Outagamie Farm Bureau honored at AFBF convention
NASHVILLE, TN - Kelly Oudenhoven filled out the application for the American Farm Bureau Federation's (AFBF) County Activities of Excellence Award, to see what would happen. She never expected the Outagamie Farm Bureau Milk and Cookies with Santa event to win.
Outagamie Farm Bureau was among 122 applicants from 24 county farm bureaus in 12 states honored by the American Farm Bureau Federation for its innovative program ideas with a County Activities of Excellence Award on Jan. 6. The winners were highlighted during AFBF’s 2018 Annual Convention & IDEAg Trade Show in Nashville, Tennessee.
"I was shocked," said Oudenhoven. "Every county does such a great job doing activities."
The CAE program acknowledges and shares successful county Farm Bureau programs and activities. The awards are based on county Farm Bureau membership. Counties compete for recognition in five different groups. Those groups are county Farm Bureaus with membership of less than 1,000 members, 1,001-3,000 members, 3,001-5,000 members, more than 5,001 members, and for collaborative multi-county activities regardless of membership size.
Outagamie represented Wisconsin, winning in the farm bureaus with memberships of less than 1,000 members group.
Milk and Cookies
Oudenhoven got the idea for Milk and Cookies with Santa a few years ago after attending a county dairy promotion group meeting in November. She heard people talking about Santa coming to town halls. Always looking for different ideas on how to get people to visit farms in the middle of winter instead of the sumer for June Dairy month, Oudenhoven started thinking, "Why can't Santa come out to the farm?"
With less than a month to plan, Oudenhoven's goal was to "pull off" the event that year.
Targeting families in the Freedom School District, the farm bureau printed fliers that were sent out through the schools and daycares in the area, hung posters around town and "shared it like no other" on social media.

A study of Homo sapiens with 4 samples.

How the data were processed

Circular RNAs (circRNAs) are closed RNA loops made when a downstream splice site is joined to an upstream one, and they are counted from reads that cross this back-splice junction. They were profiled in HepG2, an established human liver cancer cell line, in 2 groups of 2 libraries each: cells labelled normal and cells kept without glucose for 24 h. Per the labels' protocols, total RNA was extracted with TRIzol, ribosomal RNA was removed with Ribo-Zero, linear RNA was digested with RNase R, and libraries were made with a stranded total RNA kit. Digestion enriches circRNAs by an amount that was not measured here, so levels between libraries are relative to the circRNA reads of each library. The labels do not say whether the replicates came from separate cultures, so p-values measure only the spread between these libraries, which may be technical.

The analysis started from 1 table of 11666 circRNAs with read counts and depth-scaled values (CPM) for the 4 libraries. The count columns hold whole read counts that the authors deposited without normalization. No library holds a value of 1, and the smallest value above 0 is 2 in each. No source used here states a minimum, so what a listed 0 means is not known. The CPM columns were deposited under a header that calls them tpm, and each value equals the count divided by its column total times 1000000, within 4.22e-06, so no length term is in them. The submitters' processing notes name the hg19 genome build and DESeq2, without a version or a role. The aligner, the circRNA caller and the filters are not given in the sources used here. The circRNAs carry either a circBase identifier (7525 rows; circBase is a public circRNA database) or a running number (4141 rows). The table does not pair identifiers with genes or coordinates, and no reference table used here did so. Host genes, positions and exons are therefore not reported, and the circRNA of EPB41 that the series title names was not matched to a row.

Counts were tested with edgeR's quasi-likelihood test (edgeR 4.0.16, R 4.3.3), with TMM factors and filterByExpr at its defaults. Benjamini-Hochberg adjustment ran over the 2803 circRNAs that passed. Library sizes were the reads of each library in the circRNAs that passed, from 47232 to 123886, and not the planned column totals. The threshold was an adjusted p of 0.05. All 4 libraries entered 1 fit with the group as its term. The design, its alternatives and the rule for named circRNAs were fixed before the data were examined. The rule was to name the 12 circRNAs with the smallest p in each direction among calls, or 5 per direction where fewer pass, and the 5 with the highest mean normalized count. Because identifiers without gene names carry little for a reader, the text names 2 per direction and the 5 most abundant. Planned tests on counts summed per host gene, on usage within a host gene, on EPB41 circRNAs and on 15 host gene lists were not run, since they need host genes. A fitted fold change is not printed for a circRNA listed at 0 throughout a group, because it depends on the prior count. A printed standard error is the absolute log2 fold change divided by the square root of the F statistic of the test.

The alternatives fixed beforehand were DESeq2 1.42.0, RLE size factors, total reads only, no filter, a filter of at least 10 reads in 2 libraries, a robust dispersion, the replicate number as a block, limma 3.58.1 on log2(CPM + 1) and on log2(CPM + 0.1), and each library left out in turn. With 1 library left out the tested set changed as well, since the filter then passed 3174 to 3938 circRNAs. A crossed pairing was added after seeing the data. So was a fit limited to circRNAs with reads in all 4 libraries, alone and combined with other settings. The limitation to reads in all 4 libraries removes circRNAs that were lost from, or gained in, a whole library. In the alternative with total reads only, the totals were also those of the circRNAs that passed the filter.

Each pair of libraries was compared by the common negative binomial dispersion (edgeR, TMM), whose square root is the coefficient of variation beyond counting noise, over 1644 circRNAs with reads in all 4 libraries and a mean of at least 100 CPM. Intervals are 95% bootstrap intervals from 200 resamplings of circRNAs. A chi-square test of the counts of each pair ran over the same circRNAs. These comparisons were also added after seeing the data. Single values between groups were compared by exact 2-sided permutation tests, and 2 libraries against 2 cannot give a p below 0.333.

The farm bureau committee decided on a two-hour time slot during the week for the event that would allow parents to feed their children, attend the event and still get home in time for kids to do homework and get to bed. Oudenhoven contacted the school district to pick a night with no school conflicts.
Contacting MilkSource Genetics she asked if they could hold the event in their show barn. With cutout cow cookies, milk from Tidy View Dairy, coloring books from the Wisconsin Milk Marketing Board and additional books from Ag in the Classroom, the first event was held from 6 - 8 p.m. with hopes of having 100 people attend. Just over 300 people attended the event that first year.
The second year, aiming for 300 attending, the Outagamie Farm Bureau got three businesses to donate money to the Freedom area food pantry for every child who sat on Santa's lap during the event. With just over 500 people attending, the more than $1,200 was donated to the food pantry.
More than 550 people attended on Dec. 7, 2017 and over $680 was donated to the food pantry.
While parents are invited to take their own photos of their children with Santa at the event, the farm bureau also takes its own pictures, which are posted on the Facebook page. As parents visit the site to look at pictures, they also see what else is going on with the Outagamie Farm Bureau, giving the organization additional exposure, Oudehoven pointed out.
"It's been a great experience and we don't plan on stopping any time soon," said Oudenhoven.
State Farm Bureaus were presented awards at the American Farm Bureau Federation’s annual convention also. The awards recognized excellence in implementation of outstanding member programs and membership achievement in 2017.
Wisconsin Farm Bureau won for Engagement and Outreach and Leadership and Business Development.
Each County Activities of Excellence award winner had a booth at the AFBF annual convention showcasing the county farm bureau's activity.
Oudenhoven said it was an honor to attend the convention and have the Outagamie Farm Bureau event nationally recognized.
"Lots of people at the convention were surprised at how easy it was to organize the event," said Oudenhoven.
Many people said they never would have thought to invite Santa to a farm. The activity is also very universal and can be used for any type of farming, Oudenhoven added.
"Different states can highlight it in different ways," said Oudenhoven. "There are so many ways to diversity it."